Make sure your tripod can adequately support the weight of your DSLR and lens combined - see our Tripod Buying Guide here. That new lens you just added to your kit may be too heavy for your existing tripod.
• to get crisp images when shooting long exposures - such as the night sky and when using Neutral Density filters
• to ensure your landscapes and sunsets have a level horizon line - once you've leveled the tripod and set it up correctly, you won't need to worry about your camera tilting as you compose an image.
• for shooting still life - a tripod makes it easier to keep every different object at the same point in the frame, and it helps with stability when focusing on small objects.
• for shooting a succession of identical portraits or group shots (wedding, reunion, etc - the photographer can keep the camera in the same position with same lighting for each person or group
The higher you set up the tripod, the more wobbly it will be. Use the minimum height you need to capture the shot without compromising on stability.
If you’re shooting on level ground, extend the legs before you position the tripod. The only way you’ll know for sure that the legs are all the same length is to lengthen them before you actually spread them out.
Tripods have either three or four sections nested inside each other. Extend the thickest upper legs first followed by the thinner ones next and the thinnest ones only if needed. Lock each leg into place once you have extended it.
Wherever possible, spread the legs fully. If you want to get a shot that’s low to the ground, you might have to adjust the legs as far out as possible, so they’re almost flat to the ground. This still guarantees more stability than any other method.
If you've extended your tripod to its full height, and you still need more extension, you can raise the center column. Since the central post is not as solid as the legs, it’s best to only use it for fine height adjustments rather than to hold up the camera.
Many photographers prefer to point one tripod leg towards their subject and keep two legs behind. Since you’ll be doing a lot of the work from behind the camera, having two legs creates a bit more stability. It also helps you stand close to the camera without being obstructed.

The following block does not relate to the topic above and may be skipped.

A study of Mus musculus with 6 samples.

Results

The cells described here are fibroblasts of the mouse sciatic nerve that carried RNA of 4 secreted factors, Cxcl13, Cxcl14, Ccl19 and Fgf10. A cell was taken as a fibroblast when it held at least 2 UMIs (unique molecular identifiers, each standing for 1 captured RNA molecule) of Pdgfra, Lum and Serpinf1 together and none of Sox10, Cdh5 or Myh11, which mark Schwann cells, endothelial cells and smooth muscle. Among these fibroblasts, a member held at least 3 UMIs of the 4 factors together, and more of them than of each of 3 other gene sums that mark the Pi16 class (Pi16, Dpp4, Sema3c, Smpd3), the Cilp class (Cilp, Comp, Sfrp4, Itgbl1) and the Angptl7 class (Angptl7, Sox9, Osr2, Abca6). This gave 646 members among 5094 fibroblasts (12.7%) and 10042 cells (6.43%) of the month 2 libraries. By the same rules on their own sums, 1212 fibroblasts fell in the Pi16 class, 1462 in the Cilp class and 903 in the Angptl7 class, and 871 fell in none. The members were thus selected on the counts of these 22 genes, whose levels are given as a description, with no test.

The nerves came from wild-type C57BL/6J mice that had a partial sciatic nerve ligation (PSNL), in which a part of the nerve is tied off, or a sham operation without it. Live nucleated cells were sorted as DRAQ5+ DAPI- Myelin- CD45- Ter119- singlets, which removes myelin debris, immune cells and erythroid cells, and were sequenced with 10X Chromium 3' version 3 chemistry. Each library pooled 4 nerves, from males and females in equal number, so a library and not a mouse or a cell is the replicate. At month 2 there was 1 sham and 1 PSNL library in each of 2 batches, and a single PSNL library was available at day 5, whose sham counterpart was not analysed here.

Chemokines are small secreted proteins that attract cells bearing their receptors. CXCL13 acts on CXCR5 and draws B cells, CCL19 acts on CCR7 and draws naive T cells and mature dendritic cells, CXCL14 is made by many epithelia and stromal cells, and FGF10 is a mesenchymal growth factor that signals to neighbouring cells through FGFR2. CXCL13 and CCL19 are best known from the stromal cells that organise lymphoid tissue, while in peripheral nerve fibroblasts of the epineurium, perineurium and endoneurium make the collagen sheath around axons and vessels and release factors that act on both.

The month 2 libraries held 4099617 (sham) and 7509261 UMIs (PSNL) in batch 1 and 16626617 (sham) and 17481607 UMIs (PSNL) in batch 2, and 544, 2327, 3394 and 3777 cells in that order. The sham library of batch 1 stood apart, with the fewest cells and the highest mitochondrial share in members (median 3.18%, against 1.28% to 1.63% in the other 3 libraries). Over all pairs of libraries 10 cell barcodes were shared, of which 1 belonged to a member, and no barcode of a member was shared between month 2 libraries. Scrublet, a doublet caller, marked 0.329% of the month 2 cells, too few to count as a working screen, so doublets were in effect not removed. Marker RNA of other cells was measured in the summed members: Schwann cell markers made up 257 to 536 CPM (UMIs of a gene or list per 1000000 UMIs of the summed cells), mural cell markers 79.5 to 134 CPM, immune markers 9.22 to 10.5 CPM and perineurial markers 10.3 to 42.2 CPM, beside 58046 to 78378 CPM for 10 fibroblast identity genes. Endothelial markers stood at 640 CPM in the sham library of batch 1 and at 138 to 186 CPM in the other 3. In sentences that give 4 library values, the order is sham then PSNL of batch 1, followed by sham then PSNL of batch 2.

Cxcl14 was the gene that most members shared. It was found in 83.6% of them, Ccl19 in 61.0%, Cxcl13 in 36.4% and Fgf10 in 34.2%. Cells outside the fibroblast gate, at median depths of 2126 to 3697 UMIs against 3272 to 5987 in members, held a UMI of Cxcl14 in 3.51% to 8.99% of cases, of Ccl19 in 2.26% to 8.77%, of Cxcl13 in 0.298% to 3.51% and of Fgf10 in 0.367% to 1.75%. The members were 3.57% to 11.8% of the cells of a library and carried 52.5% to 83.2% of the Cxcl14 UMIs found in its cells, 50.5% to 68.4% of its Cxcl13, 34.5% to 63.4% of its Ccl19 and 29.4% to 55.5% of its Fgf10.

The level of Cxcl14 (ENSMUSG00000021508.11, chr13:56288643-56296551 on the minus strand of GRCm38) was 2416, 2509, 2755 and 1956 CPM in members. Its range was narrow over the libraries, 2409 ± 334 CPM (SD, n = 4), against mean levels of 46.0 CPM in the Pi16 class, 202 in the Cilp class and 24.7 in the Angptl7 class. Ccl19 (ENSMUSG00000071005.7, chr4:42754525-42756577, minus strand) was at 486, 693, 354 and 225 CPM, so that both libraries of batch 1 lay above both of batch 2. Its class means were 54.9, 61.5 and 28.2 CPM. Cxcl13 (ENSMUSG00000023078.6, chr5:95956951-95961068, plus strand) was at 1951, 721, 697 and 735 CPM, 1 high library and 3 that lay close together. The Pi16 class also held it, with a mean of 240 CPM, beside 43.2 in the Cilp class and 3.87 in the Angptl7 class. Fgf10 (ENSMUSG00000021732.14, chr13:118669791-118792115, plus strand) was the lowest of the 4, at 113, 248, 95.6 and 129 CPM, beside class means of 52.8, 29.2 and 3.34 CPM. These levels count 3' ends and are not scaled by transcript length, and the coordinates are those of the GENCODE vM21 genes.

Naturally, you should place two of the tripod legs wherever the tripod needs most stability. On a downhill slope, make sure two tripod legs are pointed forward to add more stability to the set-up.
If your tripod comes with a spirit level attached, use this to check that your tripod is level. Otherwise check the horizon or vertical lines in your image. Make adjustments if not level.
Screw the tripod's quick release plate firmly into your camera's tripod thread (located on the bottom of your camera), and click it into place on the tripod head. Remember to lock this! Adjust your tripod head to the position required and tighten all screws so that the camera doesn't slip or move during shooting.
Windy conditions often pose a strong threat to knock your tripod down. Adding a weight as simple as a small bag of rocks (you can even use your camera bag) to the centre post in your tripod can help give the contraption more stability.
Sometimes, a heavy lens is enough to throw off the centre of gravity and topple your tripod. A tripod collar is a simple tripod accessory that helps redistribute the weight and ensure your camera is protected.